What a 5,700-Year-Old Wad of Chewed Gum Reveals About Ancient People and Their Bacteria

When hunter-gatherers living in what is now southern Denmark broke down pieces of birch bark into sticky, black tar about 5,700 years ago, they almost certainly didn’t realize that they were leaving future scientists their entire DNA.

Ancient people used the gooey birch pitch to fix arrowheads onto arrows and to repair a variety of stone tools. When it started to solidify, they rolled the pitch in their mouths and chewed on it, like some sort of primitive bubble gum. Chewing on birch pitch would have made it pliable again for using on tools.

It might have also relieved toothaches because of the antiseptic oils in the gum. It’s possible that children also used it recreationally, much like modern humans do today. When they spat the gum out, the same antiseptic properties helped preserve the DNA in their saliva.

The ancient DNA, described in a paper published Tuesday in Nature Communications, is especially valuable because few human bones from the Mesolithic and Neolithic Stone Ages have been found in Scandinavia. DNA from the chewed-up gum provides clues about the people who settled in the area, the kind of food they ate and even the type of bacteria they carried on their teeth.

“It is very exciting to be able to extract a full human genome from anything other than bone,’’ said Hannes Schroeder, an archaeologist at the University of Copenhagen, who led the research. “This sample had lots of microbial DNA preserved as well.”

Researchers uncovered the wad of gum last year from the site of the Fehmarn Belt Fixed Link tunnel. Planned construction of the underwater tunnel, which will connect the Danish island of Lolland with the German island of Fehrman, has forced archaeologists to rush to collect artifacts and fossil evidence before they are lost forever.

Findings from the site suggest that people living in the area relied heavily on fishing, hunting and the gathering of wild nuts and berries for their survival, even as other Scandinavian populations started farming and domesticating animals, Dr. Schroeder said.

When researchers analyzed human DNA preserved in the 5,700-year-old birch pitch, they found that the individual who chewed on it was a female, who was more closely related to hunter-gatherers from continental Europe than those from central Scandinavia. They named her Lola.

Her genes suggest she likely had a striking combination of dark skin, dark hair and blue eyes. She also probably couldn’t digest milk. But these characteristics are not surprising. They have been noted in reconstructions of a 10,000-year-old British skeleton called the Cheddar Man, as well as other European hunter-gatherers. (Experts believe Northern Europeans evolved lighter skin and hair to adapt to the lower light conditions in regions where they lived much later on, and the genetic mutation for digesting milk came around once they became more dependent on livestock for food.)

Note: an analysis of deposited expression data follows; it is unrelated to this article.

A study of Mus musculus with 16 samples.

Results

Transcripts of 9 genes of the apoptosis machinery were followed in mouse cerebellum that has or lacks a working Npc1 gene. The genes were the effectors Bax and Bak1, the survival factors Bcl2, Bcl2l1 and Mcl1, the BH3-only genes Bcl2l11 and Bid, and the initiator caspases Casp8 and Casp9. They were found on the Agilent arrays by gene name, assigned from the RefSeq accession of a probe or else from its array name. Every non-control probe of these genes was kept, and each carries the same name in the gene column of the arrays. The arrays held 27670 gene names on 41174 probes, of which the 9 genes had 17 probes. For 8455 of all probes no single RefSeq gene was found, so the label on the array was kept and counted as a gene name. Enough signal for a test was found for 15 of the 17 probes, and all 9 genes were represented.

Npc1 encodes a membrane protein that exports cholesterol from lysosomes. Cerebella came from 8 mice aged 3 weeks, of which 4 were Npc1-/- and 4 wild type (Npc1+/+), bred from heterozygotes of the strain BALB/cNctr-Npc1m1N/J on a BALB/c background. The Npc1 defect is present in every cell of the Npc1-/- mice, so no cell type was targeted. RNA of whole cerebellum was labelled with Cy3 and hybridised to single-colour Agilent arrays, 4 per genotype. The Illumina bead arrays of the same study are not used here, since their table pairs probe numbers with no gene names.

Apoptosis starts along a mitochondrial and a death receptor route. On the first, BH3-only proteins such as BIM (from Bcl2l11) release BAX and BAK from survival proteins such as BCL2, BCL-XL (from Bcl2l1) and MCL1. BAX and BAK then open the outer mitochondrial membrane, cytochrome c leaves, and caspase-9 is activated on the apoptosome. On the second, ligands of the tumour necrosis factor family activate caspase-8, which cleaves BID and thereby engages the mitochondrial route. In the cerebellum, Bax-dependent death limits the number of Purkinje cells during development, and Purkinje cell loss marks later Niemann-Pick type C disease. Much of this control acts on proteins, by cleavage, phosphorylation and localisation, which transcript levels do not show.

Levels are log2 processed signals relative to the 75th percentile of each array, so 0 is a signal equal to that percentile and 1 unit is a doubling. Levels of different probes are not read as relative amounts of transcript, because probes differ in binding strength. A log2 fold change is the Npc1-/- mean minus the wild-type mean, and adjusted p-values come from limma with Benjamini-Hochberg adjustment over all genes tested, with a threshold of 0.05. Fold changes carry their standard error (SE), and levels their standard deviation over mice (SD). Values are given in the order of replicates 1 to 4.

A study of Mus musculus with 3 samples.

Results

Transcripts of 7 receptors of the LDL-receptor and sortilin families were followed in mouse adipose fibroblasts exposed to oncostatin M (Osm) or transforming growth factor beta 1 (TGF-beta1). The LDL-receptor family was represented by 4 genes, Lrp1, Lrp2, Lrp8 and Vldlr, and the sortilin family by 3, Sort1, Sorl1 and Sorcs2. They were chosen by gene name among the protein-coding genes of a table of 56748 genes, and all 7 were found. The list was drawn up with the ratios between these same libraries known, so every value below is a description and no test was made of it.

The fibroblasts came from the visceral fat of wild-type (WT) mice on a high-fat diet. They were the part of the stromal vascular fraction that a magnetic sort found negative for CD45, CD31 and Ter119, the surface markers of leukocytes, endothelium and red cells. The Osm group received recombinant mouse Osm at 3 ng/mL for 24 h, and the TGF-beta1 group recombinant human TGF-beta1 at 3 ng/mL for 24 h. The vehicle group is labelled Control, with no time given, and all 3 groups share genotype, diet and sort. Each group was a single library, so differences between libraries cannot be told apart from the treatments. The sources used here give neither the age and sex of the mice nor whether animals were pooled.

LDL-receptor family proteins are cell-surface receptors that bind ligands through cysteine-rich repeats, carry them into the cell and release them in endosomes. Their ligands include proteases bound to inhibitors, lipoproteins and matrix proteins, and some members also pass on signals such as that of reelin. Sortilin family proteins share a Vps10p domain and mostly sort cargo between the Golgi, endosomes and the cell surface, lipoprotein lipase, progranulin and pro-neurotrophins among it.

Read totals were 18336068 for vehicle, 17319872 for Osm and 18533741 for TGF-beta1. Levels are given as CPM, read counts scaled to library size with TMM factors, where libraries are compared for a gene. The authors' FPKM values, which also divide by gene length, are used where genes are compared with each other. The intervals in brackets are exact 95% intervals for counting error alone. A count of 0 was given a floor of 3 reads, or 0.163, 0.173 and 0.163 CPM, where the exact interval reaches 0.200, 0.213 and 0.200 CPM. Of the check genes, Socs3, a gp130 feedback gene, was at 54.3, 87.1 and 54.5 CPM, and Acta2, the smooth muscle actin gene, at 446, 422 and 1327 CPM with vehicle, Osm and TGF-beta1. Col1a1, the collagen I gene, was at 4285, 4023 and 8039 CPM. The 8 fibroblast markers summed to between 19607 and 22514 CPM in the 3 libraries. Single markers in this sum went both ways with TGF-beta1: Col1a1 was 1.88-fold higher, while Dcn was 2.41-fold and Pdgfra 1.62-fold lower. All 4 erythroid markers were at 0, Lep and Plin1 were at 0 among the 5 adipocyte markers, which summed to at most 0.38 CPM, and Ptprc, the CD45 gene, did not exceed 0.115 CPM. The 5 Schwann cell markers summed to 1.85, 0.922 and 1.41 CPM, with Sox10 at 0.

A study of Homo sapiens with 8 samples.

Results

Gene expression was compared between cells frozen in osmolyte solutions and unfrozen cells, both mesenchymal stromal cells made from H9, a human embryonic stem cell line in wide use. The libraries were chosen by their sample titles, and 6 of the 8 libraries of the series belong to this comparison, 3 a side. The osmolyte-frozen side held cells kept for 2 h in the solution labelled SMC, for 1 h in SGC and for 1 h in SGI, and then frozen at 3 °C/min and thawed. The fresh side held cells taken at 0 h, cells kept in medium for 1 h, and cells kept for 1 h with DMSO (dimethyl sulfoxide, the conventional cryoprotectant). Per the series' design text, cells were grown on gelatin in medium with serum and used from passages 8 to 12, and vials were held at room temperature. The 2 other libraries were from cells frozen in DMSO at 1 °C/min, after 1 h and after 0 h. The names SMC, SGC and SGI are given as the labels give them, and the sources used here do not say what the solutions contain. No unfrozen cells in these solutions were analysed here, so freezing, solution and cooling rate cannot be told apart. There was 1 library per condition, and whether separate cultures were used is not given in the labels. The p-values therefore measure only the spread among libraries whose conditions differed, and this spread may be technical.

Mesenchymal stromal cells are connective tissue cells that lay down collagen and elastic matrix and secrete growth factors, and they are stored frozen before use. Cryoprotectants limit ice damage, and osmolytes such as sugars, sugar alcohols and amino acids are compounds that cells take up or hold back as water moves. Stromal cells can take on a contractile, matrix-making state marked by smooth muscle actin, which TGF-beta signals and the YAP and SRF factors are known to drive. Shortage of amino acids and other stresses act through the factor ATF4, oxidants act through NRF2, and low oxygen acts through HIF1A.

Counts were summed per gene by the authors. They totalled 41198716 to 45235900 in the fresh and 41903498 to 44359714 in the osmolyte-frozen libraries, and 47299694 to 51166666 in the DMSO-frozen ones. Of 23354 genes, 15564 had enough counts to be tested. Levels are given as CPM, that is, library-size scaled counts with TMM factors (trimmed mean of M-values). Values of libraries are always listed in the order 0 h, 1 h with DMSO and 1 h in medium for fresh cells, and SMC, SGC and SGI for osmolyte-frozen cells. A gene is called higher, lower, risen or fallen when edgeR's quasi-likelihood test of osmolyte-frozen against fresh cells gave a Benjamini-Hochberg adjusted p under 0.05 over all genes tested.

Lola, however, had been eating duck and hazelnuts before she started chewing on birch pitch, based on additional DNA found in the birch sample.

“This is a snapshot of a real person in real time,” said Natalija Kashuba, an archaeologist at Uppsala University in Sweden, who also studies birch pitch samples but was not involved in the latest research. “It’s as close as we’ll ever come to standing face to face with an individual from the Stone Age of Scandinavia.”

Researchers also detected DNA from bacteria and viruses in the birch resin, providing a snapshot of the ancient oral microbiome that scientists had never seen before. “That changes the game,” Dr. Kashuba said.

Studying ancient oral microbiomes could reveal larger truths about how bacteria interact with one another, how they change over time or with the type food a person eats, as well as how they may be implicated in health and disease — questions that also interest scientists studying the modern microbiome.

The Danish team identified several species of bacteria that were similar to those hiding in people’s plaque and on the tips of their tongues today. Some included bacteria known to cause gum disease, such as Porphyromonas gingivalis. The birch pitch sample also had traces of Streptococcus pneumoniae bacteria and Epstein-Barr virus, which provide clues to Lola’s health.

For the wealth of information the small piece of pitch provides, it raises just as many questions, Dr. Kashuba said. Scientists are unable to glean an individual’s age from the DNA stored in the sample. They’re also unsure exactly why some individuals chewed it. But because people chewed gums made of pitch and other substances all around the world, we could be left with a trove of already-been-chewed treasure for tracing people, activities and bacteria of the past.